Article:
Column: Susan G. Komen transitions fundraising from race to walkA picture of the walk with Susan G. Komen Atlanta head Cati Diamond Stone in the foreground - the blond with a big smile (Special: Susan G. Komen Society)
By Maria Saporta
As published in the Atlanta Business Chronicle on May 11, 2018
Susan G. Komen Greater Atlanta launched the inaugural “Be More than Pink Walk” on May 5 at Lenox Square Mall, raising almost $1 million to fight breast cancer in metro Atlanta.
The walk replaces the 25-year-old Race for the Cure – the major fundraiser for Susan G. Komen and the oldest 5K race in Atlanta. Since 1991, the Race for the Cure has raised more than $49.6 million to support local education, screening, diagnostic programs and global research efforts to find a cure for breast cancer.
Cati Diamond Stone, executive director of Atlanta’s Susan G. Komen, said Atlanta is one of four pilot markets that’s transitioning from the Race to the Walk. “One of the reasons we were chosen is because we had 27 years of successful Races for the Cure,” she said. “The Pink Walk is the reimagined Race for the Cure. We will have more of a focus on the mission… And a walk promotes community more than a run. You can do it as a family.”
Stone said the May 5th walk raised the same amount of money as the Race, even though it had fewer participants. About 10 percent of Race for the Cure participants were serious runners who did not sign up for the Pink Walk. But the 5,000 participants of the Pink Walk individually raised more money than the runners.
The Pink Walk was hosted by Lenox Square Mall and presented locally by Kroger. It also honored men and women who have breast cancer as well as survivors. “This year the evolution of the event into the More Than Pink Walk also added the element of education,” Stone said. “The response to the new fundraising event has been overwhelming, and the dollars raised prove that Atlanta is More Than Pink.”
Komen has a goal of reducing the number of cancer deaths by 50 percent in the United States by 2026. And the dollars raised at the Atlanta will go towards that goal and it also will be invested in local programs, with an emphasis on lowering African-American breast health disparities. “The investment is paying off,” Stone said.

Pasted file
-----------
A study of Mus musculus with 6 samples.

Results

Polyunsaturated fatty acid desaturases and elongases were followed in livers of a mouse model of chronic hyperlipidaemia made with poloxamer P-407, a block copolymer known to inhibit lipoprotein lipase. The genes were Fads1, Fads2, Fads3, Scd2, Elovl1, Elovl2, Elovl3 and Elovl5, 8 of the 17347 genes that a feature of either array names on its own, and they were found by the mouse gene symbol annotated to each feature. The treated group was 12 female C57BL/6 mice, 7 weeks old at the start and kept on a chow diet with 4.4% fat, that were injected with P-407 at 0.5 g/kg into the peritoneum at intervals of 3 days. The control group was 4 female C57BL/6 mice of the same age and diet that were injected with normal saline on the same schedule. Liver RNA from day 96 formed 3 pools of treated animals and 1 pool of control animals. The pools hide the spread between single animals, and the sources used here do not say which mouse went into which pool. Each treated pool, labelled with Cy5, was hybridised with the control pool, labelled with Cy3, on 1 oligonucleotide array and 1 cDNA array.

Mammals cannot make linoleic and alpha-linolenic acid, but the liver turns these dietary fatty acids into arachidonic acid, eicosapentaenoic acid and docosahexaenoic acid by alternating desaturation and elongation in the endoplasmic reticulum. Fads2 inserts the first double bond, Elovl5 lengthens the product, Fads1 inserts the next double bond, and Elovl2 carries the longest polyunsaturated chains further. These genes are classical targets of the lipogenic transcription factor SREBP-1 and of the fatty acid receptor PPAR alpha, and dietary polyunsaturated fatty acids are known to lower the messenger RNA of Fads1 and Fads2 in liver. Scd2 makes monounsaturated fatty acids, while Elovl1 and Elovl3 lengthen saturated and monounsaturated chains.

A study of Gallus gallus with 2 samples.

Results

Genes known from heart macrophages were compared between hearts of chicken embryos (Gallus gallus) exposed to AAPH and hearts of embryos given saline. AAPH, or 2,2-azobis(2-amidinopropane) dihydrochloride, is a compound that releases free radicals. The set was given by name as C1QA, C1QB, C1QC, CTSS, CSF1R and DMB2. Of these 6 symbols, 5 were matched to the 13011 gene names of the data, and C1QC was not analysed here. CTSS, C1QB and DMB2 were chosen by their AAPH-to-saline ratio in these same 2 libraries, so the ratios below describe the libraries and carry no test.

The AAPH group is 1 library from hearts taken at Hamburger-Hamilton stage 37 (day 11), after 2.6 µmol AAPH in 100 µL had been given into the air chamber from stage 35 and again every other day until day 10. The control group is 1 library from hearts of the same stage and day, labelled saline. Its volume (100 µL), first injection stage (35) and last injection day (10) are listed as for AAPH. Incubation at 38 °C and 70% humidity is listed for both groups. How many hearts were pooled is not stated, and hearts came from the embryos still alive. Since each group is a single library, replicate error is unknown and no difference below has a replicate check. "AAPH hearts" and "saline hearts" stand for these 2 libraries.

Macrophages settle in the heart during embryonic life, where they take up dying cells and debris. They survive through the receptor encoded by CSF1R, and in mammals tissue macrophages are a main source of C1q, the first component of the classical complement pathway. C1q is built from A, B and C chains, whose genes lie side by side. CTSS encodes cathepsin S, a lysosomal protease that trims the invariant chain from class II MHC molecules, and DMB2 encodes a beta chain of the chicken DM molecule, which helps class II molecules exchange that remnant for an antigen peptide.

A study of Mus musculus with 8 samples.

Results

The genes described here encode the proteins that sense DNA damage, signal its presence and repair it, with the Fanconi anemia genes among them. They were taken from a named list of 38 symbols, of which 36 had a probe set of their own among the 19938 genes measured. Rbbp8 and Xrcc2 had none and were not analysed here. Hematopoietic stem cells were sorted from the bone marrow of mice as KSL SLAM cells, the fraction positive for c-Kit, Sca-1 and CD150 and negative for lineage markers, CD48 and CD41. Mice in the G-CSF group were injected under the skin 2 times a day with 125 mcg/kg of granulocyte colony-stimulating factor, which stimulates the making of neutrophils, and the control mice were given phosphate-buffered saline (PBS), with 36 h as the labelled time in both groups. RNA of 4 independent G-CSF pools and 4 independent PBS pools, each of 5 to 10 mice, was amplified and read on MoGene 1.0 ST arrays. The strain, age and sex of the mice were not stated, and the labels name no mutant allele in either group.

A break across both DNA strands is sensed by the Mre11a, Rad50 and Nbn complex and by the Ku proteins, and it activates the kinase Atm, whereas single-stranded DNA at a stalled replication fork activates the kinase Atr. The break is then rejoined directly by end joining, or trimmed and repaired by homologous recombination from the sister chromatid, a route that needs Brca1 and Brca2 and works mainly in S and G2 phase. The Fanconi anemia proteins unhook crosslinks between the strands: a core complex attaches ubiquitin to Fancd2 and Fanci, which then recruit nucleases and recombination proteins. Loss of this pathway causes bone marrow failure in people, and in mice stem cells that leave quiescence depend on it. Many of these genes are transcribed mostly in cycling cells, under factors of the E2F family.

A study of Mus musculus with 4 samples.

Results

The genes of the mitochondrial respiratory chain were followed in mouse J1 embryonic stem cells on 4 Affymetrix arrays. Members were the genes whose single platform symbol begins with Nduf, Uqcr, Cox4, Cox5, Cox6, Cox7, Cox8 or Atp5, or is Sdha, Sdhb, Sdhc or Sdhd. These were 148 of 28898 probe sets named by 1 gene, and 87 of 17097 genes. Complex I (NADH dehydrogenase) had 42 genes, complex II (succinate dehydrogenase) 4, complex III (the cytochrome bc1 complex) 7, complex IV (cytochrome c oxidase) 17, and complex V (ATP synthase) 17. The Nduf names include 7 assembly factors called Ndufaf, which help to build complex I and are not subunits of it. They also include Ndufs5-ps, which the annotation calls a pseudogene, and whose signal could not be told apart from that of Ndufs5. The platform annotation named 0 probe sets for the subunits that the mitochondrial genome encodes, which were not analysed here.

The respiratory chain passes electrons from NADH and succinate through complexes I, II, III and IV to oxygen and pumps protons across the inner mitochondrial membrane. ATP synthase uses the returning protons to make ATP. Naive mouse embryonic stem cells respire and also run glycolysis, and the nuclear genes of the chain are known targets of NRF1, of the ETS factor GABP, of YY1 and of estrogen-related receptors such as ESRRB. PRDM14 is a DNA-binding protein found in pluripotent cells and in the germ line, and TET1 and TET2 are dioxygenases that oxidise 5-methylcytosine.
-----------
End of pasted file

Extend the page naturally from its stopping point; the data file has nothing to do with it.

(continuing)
Susan G. Komen Greater Atlanta also has added four new board members: Milton Little, president of the United Way of Greater Atlanta; Sheila Weidman-Farley, senior vice president at Georgia-Pacific; Harlan Clark, a senior vice president for Bank of America; and Natalia Franco, formerly with California Pizza Kitchen.
ABL honors Ed Bastian
The Atlanta Business League will honor Ed Bastian, CEO of Delta Air Lines, as its CEO of the year at a luncheon on May 15 at the Hyatt Regency Atlanta.
ABL’s annual CEO Awards luncheon recognizes executives for “outstanding participation in minority vendor development and community activities.”
The CEO luncheon also will recognize Ernest Hodge, CEO and owner of Heritage Automotive Group; Vicki Palmer, president of the Palmer Group LLC and a retired executive of Coca-Cola Enterprises; Dr. Valerie Montgomery Rice, president and dean of the Morehouse School of Medicine; and Kofi Smith, president and CEO of the Atlanta Airlines Terminal Corp.
Former Atlanta City Councilman Alex Wan has been named executive director of Horizons Atlanta, which provides high-quality academic enrichment programs to low-income children.
Horizon Atlanta, founded in 2013, currently serves more than 800 students.
The Horizons model is built on a public-private school partnership with a signature six-week summer learning program combined with year-round support.
Nine metro Atlanta organizations are site affiliates: Atlanta International School, Atlanta Technical College, Clark Atlanta University, Georgia Tech, Georgia State University, Holy Innocents’ Episcopal School, Kennesaw State University, Woodward Academy and Purpose Built Schools.
Before joining Horizons Atlanta, wan served as director of development and alumni relations at Emory University. Before that, he served as director of development at Jerusalem House, Atlanta’s largest HIV housing provider.
“Alex will bring his experience and strong background of skills to an organization poised to move to the next level of success in Atlanta,” said John Brock, retired CEO of CCE who chairs Horizons Atlanta’s board. “An increasing number of underserved children will have their lives enriched, and we look forward to building upon the momentum of our first five years under Alex’s leadership.”